Home in the time of Coronavirus

White walls. White tiles. A white ceiling. Surrounding me is a whole lot of white, and not much else going on.

the main bedroom | photo credit – Quyen Tran

Being enveloped in this house for too long didn’t evoke the clarity every interior design book promised white would bring. To me, these walls reflected what COVID-19 had left us in its wake: 

Empty. Passionless. A constant reminder to keep things sterile.

My partner and I bought our first house prior to the pandemic, with the intention to make it an investment. But instead of the quick-fix market ready property we wanted, we found ourselves freezing our newly-established home loan, and making this place our permanent address. 

Before all this, we had been somewhat transient. We’d moved between three cities in the last three years, going where the work was. Our livelihood had been predominantly dependent on film production, and when Mortal Kombat, the biggest production for SA yet, rolled into town, it was an easy decision to make Adelaide our next temporary destination. I hadn’t lived here since 2011, but I’ve come full circle. I’ve returned to my hometown.

It’s hard to describe how gratifying it is to see Adelaide pulsating with life after leaving it for so long. Festival fever was at its height, infecting everyone with its energy. We celebrated long, balmy days in style with live music, art exhibitions and street theatre. It was sensory overload but I loved every second of it. I was the busiest I’ve been for a long while, attending and reviewing shows. While G, my partner, answered the call to move again, this time to film in the Gold Coast. 

But when the worst of the coronavirus hit SA, and G had to return prior to the border closure, our supposed investment property became a quarantine safehouse. Since then it’s evolved to more than a locale for us to stay for now. It’s become our hub for inspiration.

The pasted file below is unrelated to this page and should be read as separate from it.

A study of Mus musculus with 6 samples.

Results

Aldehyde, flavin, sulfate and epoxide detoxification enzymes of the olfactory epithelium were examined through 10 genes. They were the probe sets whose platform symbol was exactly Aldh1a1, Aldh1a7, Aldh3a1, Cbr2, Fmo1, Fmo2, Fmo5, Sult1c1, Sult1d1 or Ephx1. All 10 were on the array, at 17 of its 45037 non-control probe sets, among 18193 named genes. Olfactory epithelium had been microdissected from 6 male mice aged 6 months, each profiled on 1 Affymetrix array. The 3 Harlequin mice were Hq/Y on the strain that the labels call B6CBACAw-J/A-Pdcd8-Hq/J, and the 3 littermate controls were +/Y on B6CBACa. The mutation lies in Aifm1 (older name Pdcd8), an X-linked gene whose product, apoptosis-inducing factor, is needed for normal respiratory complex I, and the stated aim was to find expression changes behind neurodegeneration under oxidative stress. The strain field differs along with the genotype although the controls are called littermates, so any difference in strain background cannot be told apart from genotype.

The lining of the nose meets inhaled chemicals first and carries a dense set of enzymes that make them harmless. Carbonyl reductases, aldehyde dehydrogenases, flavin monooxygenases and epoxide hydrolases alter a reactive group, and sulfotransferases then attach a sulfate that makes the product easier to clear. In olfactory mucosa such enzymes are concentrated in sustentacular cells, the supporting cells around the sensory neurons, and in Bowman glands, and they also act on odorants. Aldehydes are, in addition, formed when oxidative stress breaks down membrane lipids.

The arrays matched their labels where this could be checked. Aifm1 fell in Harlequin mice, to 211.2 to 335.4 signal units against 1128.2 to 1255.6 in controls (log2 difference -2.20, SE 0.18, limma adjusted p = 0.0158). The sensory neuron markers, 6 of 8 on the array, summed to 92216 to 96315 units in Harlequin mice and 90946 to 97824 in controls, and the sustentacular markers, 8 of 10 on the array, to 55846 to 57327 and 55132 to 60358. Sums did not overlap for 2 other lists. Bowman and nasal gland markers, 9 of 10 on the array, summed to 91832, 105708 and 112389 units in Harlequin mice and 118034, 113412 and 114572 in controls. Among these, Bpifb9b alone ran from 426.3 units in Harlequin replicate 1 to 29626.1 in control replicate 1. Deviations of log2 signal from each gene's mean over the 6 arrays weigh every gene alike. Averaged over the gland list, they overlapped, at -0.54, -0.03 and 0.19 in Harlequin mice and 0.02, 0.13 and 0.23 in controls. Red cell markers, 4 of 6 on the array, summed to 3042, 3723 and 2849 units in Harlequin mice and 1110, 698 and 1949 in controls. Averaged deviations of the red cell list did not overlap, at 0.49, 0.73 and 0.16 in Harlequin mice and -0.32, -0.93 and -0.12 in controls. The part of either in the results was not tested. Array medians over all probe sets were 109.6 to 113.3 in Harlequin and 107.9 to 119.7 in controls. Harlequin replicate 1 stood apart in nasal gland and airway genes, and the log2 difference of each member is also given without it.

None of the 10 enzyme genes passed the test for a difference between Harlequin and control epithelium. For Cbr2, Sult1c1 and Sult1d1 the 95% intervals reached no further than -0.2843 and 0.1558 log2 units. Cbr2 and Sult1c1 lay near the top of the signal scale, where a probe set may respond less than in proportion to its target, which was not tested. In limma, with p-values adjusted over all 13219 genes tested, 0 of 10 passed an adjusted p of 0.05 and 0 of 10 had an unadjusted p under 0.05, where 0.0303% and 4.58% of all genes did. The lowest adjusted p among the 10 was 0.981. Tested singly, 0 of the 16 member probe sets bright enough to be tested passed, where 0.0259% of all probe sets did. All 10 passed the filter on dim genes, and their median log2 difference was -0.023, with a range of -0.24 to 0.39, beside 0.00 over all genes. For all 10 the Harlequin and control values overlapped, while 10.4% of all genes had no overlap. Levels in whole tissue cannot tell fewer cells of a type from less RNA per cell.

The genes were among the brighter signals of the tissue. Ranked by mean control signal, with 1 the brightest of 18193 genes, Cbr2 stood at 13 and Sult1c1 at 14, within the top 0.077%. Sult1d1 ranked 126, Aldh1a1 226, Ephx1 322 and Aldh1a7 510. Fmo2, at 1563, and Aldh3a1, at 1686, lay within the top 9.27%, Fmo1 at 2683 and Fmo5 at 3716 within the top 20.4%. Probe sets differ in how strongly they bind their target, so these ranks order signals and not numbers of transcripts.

“It was so wonderfully fulfilling to see the results born from our own creativity when the world outside seemed to have forgotten art and beauty.”

– Quyen Tran

We are two restless and out-of-work creative freelancers, who, until recently, have spent a decade renting. The freedom to make changes in our own house was greeted with almost reckless abandon. I say almost because renovating with depleted savings and no income was in all respects counterintuitive, bordering irresponsible. But in spite of bleak job prospects, making a home in the least expected of places has been an extreme comfort during this time.

living room | photo credit – Quyen Tran

Our lack of funds (and lack of skills) were compensated for by frenzied enthusiasm and an eagerness to control something – anything – in our lives. Like most of my friends, I went through several phases of isolation stereotypes. But unlike my sourdough starter (which I had christened Sim, and who’s unfortunate life barely spanned three baking sessions), DIY home improvement has become a constant for me.

We landscaped the backyard; created a native garden bed and started growing our own vegetables. We injected colour into every bedroom, painted the walls and adorned them with vintage or upcycled pieces I’d procured from roadsides and private sales. I would find wooden furniture and homewares often left precariously by previous owners and restore them. It was so wonderfully fulfilling to see the results born from our own creativity when the world outside seemed to have forgotten art and beauty. 

the second bedroom | photo credit – Quyen Tran

It became part of our everyday schedule to create something. We attacked project after project – sometimes with too much gusto and not enough planning. Like the time I was so sure I could paint a perfect semicircle on the bedroom ceiling and wall trims, only to fail tremendously, resulting in an emotional breakdown for however long.

Despite the tears, frustration, and the late-night Bunnings runs in a bid to fix whatever DIY mishap occurred – I am extremely lucky. The privilege of owning a house is not lost on me. Without this home, I would not be handling the pandemic all that well. It’s given me countless opportunities to develop myself – whether it’s patching holes or simply cultivating self-awareness and patience. It’s helped me be mindful of just how much more blessed I am to have my companion with me, and more importantly, to have my health. We may have lost our livelihoods, but here we are together, homemaking in the time of coronavirus. 

Beautifying our home has led to many a quiet contemplation to smile about. Recently I purchased a pair of teak chairs to restore from an old man named Graham. He sold them to me with a markedly generous discount despite the already low asking price. So we decided to return with cake to thank him. Our little gesture brought him close to tears. I will never forget Graham’s face as he expressed how he wished to hug us, knowing full-well he couldn’t.

I still have white walls but they don’t bother me so much. 

I have plenty of other things to be happy about.